Apart from commercials, the illicit firearms industry also serves as a contemporary global human rights issue, posing a threat to our most fundamental human right, the right to life. The Global Violent Deaths update stated that 531,000 people lost their lives violently in 2020. The number of gun deaths in 2021, excluding suicides, is the highest recorded by the Gun Violence Archive since 2014.

What substantiates the high number of killings is an estimated 18.8 million guns sold in 2021. The number includes 11.3 million handguns and 7.5 million long guns.

As can be seen, the number of yearly firearms sales has been spiking over the years. In light of these numbers, the trafficking of illicit firearms remains a pervasive issue in ASEAN countries. The ASEAN’s cross-border nature makes it challenging to stop illegal trade, including smuggling firearms and ammunition in the region. And as noted before, arms smuggling considerably heightens the potential for violence of a wide variety of non-state actors – from separatists, crime syndicates, terrorists, and drug lords to pirates. In consequence, it poses a threat to the safety and security of communities in the region.

According to Thai gun expert Wittaya Suksomsote, despite strict prosecution of illegal gun ownership, guns that have not been registered are widely available in Thailand due to the ease and low cost of acquiring them through online markets. He further stated in a local interview that approximately 97-98 percent of illegal firearms, smuggled from neighboring countries or stolen, are primarily used to commit crimes.

With all facts and figures stated clearly, it is evident that stricter, more robust techniques need to be deployed to curb this pressing issue. One long-lasting solution can be for law enforcement to rely heavily on data regarding patterns of criminal behavior over time to apprehend trafficking channels and the perpetrators of a crime and curtail and prevent such crime.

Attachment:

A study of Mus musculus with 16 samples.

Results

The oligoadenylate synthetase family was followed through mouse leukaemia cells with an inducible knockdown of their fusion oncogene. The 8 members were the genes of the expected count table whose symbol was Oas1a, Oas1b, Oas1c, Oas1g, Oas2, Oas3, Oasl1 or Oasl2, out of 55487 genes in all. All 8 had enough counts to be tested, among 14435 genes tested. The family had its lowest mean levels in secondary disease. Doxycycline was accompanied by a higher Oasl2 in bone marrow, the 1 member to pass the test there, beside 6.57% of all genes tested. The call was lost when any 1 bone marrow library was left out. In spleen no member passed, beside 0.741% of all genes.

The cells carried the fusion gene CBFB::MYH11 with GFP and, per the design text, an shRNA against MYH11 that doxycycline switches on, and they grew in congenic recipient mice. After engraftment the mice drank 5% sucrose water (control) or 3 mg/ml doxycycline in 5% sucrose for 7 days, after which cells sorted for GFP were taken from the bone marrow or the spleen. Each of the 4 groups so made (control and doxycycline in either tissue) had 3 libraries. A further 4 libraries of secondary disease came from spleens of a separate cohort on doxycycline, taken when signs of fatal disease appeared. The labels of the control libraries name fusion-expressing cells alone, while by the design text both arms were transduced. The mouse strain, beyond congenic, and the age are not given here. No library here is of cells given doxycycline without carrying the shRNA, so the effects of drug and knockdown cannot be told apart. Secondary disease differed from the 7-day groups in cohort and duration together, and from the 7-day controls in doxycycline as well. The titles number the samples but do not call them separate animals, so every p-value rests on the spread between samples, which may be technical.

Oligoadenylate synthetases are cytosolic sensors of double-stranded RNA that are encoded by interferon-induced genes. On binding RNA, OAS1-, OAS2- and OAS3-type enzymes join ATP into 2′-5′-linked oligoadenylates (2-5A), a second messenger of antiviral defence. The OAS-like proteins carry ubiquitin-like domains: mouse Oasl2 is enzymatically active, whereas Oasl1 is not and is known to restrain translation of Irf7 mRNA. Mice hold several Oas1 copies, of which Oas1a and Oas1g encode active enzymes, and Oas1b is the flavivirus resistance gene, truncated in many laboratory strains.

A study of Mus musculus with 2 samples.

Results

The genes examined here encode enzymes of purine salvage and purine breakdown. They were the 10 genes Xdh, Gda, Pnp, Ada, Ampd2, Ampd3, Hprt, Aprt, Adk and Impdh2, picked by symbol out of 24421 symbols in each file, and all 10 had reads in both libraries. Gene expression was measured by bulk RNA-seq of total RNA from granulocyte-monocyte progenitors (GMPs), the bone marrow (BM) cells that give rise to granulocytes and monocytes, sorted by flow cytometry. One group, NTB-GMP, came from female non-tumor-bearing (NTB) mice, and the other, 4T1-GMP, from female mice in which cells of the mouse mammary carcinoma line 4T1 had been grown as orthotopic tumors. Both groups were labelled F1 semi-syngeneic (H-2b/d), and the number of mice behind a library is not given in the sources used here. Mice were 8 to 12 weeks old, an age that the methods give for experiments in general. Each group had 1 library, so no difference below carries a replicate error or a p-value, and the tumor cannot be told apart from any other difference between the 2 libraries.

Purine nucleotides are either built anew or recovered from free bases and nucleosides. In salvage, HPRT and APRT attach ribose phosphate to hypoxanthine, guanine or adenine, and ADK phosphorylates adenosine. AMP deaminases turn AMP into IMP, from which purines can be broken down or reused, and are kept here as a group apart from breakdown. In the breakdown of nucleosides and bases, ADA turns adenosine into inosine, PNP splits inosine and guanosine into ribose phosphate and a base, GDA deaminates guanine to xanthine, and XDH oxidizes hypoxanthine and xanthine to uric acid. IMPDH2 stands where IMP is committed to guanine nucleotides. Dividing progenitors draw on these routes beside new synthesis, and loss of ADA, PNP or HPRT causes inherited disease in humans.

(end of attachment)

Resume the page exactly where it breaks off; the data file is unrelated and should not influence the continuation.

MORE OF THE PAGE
Strategic crime forecasting software solutions can help create quantitative patterns and assist in research regarding prospective firearms channels. This type of analysis aims to identify long-term problems and develop a procedure to tackle them. It includes assessing various programs, scrutiny of issues, and other policies. We can conclude that such statistical mechanisms and research techniques do not just have the potential to give the required results – The safety of our society – but also to assess the efficacy of laws combating illegal guns. 

Many private players, such as the Wynyard Group and Rhodium Incident Management (RIM), have indulged in such strategic crime analytics software solutions for everyone’s benefit. Wynyard’s Advanced Crime Analytics and RIM’s Suite thrive on drawing patterns. They provide one-stop field access to many critical data points, suspect data, and necessary situational information Cloud-based technology means near real-time coordination of information between responders on-scene and remotely. Wynyard’s Advanced Crime Analytics helps trace gun data and highlights how guns flow into one country from another with weaker gun laws. The platform further provides data to inform local law enforcement about gun crimes in their areas.

The information from ACA or any other such resolute software can produce actionable data points in the form of predictions and patterns to apprehend miscreants before committing unlawful activities or, at the least, curtail them in the very beginning. The data-driven confirmation of the spread of illegal firearms can also be used to encourage policy decisions concerning future gun laws worldwide.